Jan 30. 2017
Former porn-video actress Ovidie has turned documentary maker to reveal the
Former porn-video actress Ovidie has turned documentary maker to reveal the
Fiachra GIBBONS
Agence France-Presse
PARIS 

Explosion of ‘tube’ sites threatens children and actors, critics say

A new documentary claims that pornography has got “uglier and nastier”, with actors forced to shoot more hardcore films for less since the explosion of free-to-view Internet sites like Youporn and Pornhub.

“Pornocracy”, made by Ovidie, a French former porn star turned director, claims that far fewer films are now being made and fees have been slashed up to tenfold.

She blames “tube” sites – so-called because they resemble YouTube – which have been accused of hosting thousands of videos pirated from traditional adult entertainment companies.

Critics say children are also getting their first exposure to sex through the sites.

And they worry about the effect porn culture is having on the way teenage boys treat girls.

“Tubes” are also blamed for making porn consumption so commonplace that last week London’s transport system was forced to warn that people who watched porn on buses and trains would be reported to the police.

Children’s campaigner Marie Derain, an adviser to the French women and families minister, says the exploitative nature of “tube” sites was extremely worrying.

“Their economic model goes beyond even what is at stake in terms of pornography,” she says.

Nearly all pirated 

Gregory Dorcel, who heads Marc Dorcel, Europe’s third-biggest adult entertainment group, says 95 per cent of the 100 billion porn clips watched on the web last year were pirated.

His company alone has made five million requests to Google for its videos to be taken down from “tubes”.

“But 48 hours later the videos are back online,” Ovidie says.

Her documentary claims that a little-known company called MindGeek – headquartered in “an empty office” in Luxembourg – is now porn’s most powerful player, holding a monopoly-like grip on the industry.

But MindGeek, which prefers to be seen as a tech company, and makes no reference to porn on its website, insists that it operates only four “tube” sites – Pornhub, Youporn, RedTube and Tube8.

“Claims that we dominate the industry are nonsense,” a spokeswoman says, adding that only three of its sites ranked in the top 10 of the world’s most visited adult sites. 

Pornhub alone, however, is the 11th most viewed site in the US, just behind Wikipedia, Twitter and Instagram.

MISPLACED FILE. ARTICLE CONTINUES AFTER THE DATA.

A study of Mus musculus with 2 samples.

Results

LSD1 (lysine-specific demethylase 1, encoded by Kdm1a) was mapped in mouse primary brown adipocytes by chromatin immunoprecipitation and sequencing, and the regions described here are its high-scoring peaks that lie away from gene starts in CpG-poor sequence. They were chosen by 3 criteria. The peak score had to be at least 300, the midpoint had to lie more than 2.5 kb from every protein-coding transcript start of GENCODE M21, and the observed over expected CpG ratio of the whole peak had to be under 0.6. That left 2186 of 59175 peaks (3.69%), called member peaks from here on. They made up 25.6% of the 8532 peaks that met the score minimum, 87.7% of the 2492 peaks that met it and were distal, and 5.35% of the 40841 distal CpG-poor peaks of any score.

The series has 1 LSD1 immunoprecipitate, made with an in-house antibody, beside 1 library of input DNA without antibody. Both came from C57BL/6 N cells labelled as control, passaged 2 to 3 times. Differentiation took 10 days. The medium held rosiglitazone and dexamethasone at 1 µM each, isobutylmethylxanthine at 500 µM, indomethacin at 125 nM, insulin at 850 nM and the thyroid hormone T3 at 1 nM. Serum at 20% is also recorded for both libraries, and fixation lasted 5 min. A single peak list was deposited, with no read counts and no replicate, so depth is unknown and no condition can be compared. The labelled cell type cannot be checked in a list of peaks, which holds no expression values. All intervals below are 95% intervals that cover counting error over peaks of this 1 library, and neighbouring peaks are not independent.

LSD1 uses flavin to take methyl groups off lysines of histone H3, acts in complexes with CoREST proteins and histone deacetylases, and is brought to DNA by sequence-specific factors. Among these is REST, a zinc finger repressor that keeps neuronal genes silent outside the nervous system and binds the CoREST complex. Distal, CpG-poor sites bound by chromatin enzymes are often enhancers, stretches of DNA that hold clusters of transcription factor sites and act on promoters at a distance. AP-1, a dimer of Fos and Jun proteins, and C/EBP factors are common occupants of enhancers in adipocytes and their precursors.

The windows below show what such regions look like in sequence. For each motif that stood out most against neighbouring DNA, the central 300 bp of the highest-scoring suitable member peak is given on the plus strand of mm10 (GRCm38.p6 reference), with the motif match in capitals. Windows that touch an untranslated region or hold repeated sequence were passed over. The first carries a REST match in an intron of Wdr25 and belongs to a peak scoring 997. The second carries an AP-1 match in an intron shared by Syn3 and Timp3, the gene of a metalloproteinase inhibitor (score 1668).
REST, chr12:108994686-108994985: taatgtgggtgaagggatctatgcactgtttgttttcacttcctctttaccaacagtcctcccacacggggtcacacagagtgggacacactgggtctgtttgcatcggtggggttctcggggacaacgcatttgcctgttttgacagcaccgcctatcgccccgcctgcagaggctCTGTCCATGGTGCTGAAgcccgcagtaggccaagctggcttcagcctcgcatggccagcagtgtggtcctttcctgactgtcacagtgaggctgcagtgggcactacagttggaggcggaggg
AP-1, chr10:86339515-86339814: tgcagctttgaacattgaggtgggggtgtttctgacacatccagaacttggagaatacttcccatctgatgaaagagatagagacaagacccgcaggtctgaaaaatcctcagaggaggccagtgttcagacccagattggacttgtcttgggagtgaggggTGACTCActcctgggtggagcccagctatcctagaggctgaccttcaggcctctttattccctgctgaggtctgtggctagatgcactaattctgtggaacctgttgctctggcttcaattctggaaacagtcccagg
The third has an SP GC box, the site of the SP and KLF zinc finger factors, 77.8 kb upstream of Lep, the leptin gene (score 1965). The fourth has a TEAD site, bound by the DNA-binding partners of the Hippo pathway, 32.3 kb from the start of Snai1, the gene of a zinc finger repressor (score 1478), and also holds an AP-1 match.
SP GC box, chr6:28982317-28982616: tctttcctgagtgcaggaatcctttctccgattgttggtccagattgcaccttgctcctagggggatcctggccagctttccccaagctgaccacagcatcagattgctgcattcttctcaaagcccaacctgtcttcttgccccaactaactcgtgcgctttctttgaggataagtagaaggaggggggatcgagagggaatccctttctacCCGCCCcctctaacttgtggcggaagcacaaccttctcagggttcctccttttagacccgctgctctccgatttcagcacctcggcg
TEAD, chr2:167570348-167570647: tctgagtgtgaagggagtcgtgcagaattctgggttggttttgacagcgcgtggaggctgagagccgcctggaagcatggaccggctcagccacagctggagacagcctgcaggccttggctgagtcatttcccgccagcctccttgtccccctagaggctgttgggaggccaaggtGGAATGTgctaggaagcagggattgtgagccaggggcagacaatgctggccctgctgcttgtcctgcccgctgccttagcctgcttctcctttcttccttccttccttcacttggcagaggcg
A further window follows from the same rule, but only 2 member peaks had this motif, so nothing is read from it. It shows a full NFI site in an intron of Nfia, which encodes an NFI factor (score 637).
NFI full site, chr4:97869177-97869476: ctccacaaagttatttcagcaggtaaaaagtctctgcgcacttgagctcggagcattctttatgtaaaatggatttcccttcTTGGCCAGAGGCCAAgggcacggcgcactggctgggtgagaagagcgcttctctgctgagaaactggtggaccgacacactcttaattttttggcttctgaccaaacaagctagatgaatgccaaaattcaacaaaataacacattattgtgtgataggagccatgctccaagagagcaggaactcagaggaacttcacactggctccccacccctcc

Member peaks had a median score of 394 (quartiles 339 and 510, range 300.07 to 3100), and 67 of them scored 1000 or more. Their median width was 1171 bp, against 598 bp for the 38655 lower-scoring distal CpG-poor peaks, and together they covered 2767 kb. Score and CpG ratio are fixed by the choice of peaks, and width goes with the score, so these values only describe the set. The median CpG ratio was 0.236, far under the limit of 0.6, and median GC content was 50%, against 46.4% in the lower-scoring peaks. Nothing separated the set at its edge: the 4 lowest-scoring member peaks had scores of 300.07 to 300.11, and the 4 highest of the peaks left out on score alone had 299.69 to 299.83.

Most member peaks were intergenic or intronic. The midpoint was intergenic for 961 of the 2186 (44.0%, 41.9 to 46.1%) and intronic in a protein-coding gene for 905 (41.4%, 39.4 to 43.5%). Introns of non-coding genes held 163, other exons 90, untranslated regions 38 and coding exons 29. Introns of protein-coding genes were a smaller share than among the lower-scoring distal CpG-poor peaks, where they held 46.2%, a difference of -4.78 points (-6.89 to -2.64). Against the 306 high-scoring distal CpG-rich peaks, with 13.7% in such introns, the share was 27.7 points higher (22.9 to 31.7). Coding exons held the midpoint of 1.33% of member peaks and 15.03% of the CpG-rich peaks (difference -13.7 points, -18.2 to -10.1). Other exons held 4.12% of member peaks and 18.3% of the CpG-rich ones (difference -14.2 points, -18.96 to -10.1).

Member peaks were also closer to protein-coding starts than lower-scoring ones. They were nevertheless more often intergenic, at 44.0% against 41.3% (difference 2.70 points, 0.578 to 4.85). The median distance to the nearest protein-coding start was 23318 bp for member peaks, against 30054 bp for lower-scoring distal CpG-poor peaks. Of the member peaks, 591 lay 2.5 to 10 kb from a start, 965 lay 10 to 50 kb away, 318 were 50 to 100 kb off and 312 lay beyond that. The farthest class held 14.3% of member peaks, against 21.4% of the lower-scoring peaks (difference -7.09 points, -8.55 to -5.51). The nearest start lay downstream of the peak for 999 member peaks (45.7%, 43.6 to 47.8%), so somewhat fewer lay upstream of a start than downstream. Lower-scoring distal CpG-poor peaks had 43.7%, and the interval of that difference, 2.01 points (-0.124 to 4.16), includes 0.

MindGeek says it is simply a platform for its “1,000 content partners that upload content and benefit from the exposure on our sites”.

“There is lot of misinformation about how tube sites function,” the spokeswoman says, adding that it follows YouTube’s lead on “managing the issue of copyrights”.

“There is no room in our model for the assumption that content is pirated.”

She claims instead that they had “formed positive, symbiotic relationships with most of the major players in the industry”.

Many traditional adult-film-makers dispute this, also complaining that while they are subject to strict regulations on age, the “tubes” can easily be viewed by children.

Kids see porn by 11 

The French pressure group Ennocence, which is trying to make regulation of the “tubes” an issue in the country’s coming presidential election, said children now tend to first view porn at 11.

Its president, Gordon Choisel, said they were being bombarded with adult images through Internet adverts from a very young age.

“You think your child is watching a cartoon but then a window pops up with porn,” he says.

Choisel says governments had to attack the sites’ advertising streams. “We have to come up with legislation that is flexible enough to adapt to changes in technology and the way videos are being watched.”

Derain, author of a 2012 report on children’s viewing habits, says porn was shaping many young people’s view of sex.

“Sexuality in real life is not like that,” she says, but children who have grown up watching “tubes” have trouble making the distinction.

“I have been involved in a number of very serious criminal cases where boys have systematically done to girls what they saw on porn.”

“Pornocracy” also deals with the explosion in “cam girl” sites and what Ovidie terms the “new proletariat of sex” who work long hours on them.

She says the women get only around 15 per cent of what their clients pay to watch them perform online.

Up to 70 per cent goes to such platforms, including Live Jasmin, also based in Luxembourg, which has annual revenue of more than $300 million and has made its owner, Gyorgy Gattyan, Hungary’s second-richest man, according to Forbes magazine.

But Marton Fulop, the operations director at Live Jasmin, which is often called the “peep show Uber”, justified the amounts paid to its two million registered cam girls, saying it was a tech company “that provided a very good platform”.